Series ARV Thermoplastic Air Release Valves...
Self-Guided Poppet Assures Dependable, Repetitive Operation
- Safety: Allows safe expulsion of unwanted air in piping systems.
- Dependability: Unique self-guided poppet assures minimal emission of system liquid prior to sealing.
- Convenience: True-union simplifies valve inspection/removal with minimum piping breakdown. Optional dust cap available for appropriate installations.
- Minimal Closing Pressure: Closes at 0 PSI, as long as liquid is present. Valve closes as liquid rises, after virtually all unwanted air is forced out. Seals bubble tight at system pressures as low as 10 psi (EPDM seals).
- Cost Efficient: Designed to improve system performance and competitively priced.
- Superior Design: Poppet seals more reliably than ball designs; does not deform under pressure like a hollow ball.
- Corrosion Resistant: Top quality thermoplastics and elastomers resist chemical attack and protect system purity. No metal components in Series ARV.
How it Works:
Series ARV is a normally-open valve. Until your system is pressurized, the valve is simply open, and air is present. As pressure builds within the system, unwanted air is forced to the highest point in the system, i.e., the normally-open Air Release Valve. When pressure within the system exceeds atmospheric pressure, air is expelled. As liquid rises, the poppet becomes buoyant and eventually closes. (Note minimum specific gravity of liquid must be .9 or higher). It is possible that trace amounts of air will remain in the system, depending on the rapidity with which the valve closes. It is also likely that some trace amounts of process liquid will be emitted. At system pressure of 10 psi (with EPDM elastomer), the poppet will seal bubble tight against the orifice. When pressure and liquid level drop, the valve will automatically re-open.1
The poppet is guided by a series of thermoplastic ribs within the valve. The poppet is a unique design by Plast-O-Matic Valves, Inc. that is engineered to provide a balance of buoyancy and sealability. This balanced poppet is the key to the superior performance of this valve: It is dense enough to permit maximum emission of unwanted system air, yet buoyant enough to affect a quick seal and minimize emission of the process liquid. Historically, competitive air release valves have used ball-type sealing mechanisms that either seal too rapidly or allow excessive liquid to escape.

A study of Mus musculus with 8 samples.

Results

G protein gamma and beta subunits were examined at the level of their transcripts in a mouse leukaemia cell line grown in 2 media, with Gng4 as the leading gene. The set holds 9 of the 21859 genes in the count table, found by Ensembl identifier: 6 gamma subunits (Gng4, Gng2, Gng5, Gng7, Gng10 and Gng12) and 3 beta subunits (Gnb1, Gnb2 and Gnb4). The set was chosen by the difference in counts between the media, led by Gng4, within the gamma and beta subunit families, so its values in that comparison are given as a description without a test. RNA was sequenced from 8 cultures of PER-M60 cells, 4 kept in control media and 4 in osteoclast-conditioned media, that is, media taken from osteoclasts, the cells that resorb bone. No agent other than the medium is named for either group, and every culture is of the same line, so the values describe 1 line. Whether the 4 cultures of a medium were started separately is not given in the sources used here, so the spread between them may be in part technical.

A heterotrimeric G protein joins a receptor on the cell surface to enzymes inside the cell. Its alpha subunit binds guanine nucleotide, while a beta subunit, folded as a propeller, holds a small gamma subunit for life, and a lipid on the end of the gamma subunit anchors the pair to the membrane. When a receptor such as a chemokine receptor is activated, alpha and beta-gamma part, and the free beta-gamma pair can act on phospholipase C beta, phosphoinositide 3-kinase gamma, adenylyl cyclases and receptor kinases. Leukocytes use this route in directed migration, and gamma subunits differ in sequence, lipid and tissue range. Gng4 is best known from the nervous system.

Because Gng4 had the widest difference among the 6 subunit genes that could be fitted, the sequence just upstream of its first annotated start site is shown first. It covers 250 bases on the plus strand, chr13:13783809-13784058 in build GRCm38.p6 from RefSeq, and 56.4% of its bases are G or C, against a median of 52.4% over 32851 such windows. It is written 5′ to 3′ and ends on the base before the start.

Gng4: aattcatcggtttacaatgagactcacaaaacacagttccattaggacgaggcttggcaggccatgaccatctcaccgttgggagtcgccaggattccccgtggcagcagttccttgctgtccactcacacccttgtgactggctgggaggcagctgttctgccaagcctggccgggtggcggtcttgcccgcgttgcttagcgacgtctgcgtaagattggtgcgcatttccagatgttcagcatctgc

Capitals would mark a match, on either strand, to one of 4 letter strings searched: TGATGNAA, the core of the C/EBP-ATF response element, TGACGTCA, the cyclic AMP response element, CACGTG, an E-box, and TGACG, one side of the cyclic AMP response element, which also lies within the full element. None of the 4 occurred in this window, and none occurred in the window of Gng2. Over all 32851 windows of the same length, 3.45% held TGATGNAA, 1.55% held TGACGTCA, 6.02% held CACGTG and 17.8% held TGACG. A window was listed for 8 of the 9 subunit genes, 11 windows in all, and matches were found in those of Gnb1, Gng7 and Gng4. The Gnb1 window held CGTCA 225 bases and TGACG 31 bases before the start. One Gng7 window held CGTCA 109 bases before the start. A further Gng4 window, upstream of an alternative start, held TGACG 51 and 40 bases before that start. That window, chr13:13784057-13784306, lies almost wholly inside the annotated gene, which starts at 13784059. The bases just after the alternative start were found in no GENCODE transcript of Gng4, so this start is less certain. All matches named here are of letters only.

1Note that although Series ARV is a normally open valve, it should not be used in lieu of a vacuum breaker due to safety considerations. Under certain conditions, a normally-open air release valve will not perform properly as a vacuum breaker.
Dimensions, Specifications & Ordering Information:
|Available in Geon® PVC & Corzan® CPVC
Pipe Size (NPT)
|ARV(series) 050(size) EP(seal material) T(threaded) - PV(body material)|
Part numbers shown are EPDM seals with PVC bodies.
Note that 1/2" and 3/4" are based on the 1" valve; the 1/2" and 3/4" sizes use reducing bushings.
• For Viton seals, change "EP" to "V" (ARV050VT-PV)
• For Corzan CPVC body, change "-PV" to "-CP" (ARV050VT-CP)
• Standard connections are threaded. For socket connection, change "T" to "S" after seal material (ARV050EPS-PV)
• For spigot or other connection types, consult factory.
• For optional dust cap, consult factory.
Series ARV should be installed at the highest possible point in a piping system or vessel, and it must be oriented upright. In most cases, residual liquid and/or vapor in the valve may be expelled from the outlet port just prior to valve shut-off. Therefore, it is recommended to pipe the outlet port to a safe area for hazardous liquids, or use a standpipe for non-hazardous liquids.
For detailed installation instructions, please click here.
Use of Air Release Valve with Vacuum Breakers to Prevent Siphon
Air release valves are used mostly to expel pockets of air at system start-up, but as shown in the diagram above, they are also used in conjunction with vacuum breakers to eliminate siphon in piping systems. First, a vacuum breaker is positioned on top of the supply tank to prevent implosion when the tank is drained. A second vacuum breaker is shown on a tee to prevent siphon in a vertical drop. This creates a pocket of air in the riser, lateral line, and drop to "break" the suction that would otherwise be created in the drop when the pump is turned off. The blue color indicates liquid in the system when the pump is turned off. When the system is re-started, an air release valve positioned along the high point of the pipeline is necessary to expel the air pocket for safe and efficient operation. Additional air release valves may be necessary at other points, depending upon the size and complexity of the pipeline. Placement of degassing valves (not shown) varies from system to system.
CAD DRAWING -- ARV (1") 2D CAD drawing in .dwg format.
Catalog Sheet: For specifications and catalog page in .PDF format, please click here.
Self-Training Powerpoint: Specific to Series ARV; please click here.
Degassing Valve: Remember that an Air Release Valve is used to expel a large volume of air at system start up. A Degassing Valve sounds similar, but is different from an Air Release Valve...If your application requires continuous expulsion of trace amounts of outgassing throughout the day, please click here for degassing valve information.
For complete information request Catalog ARV.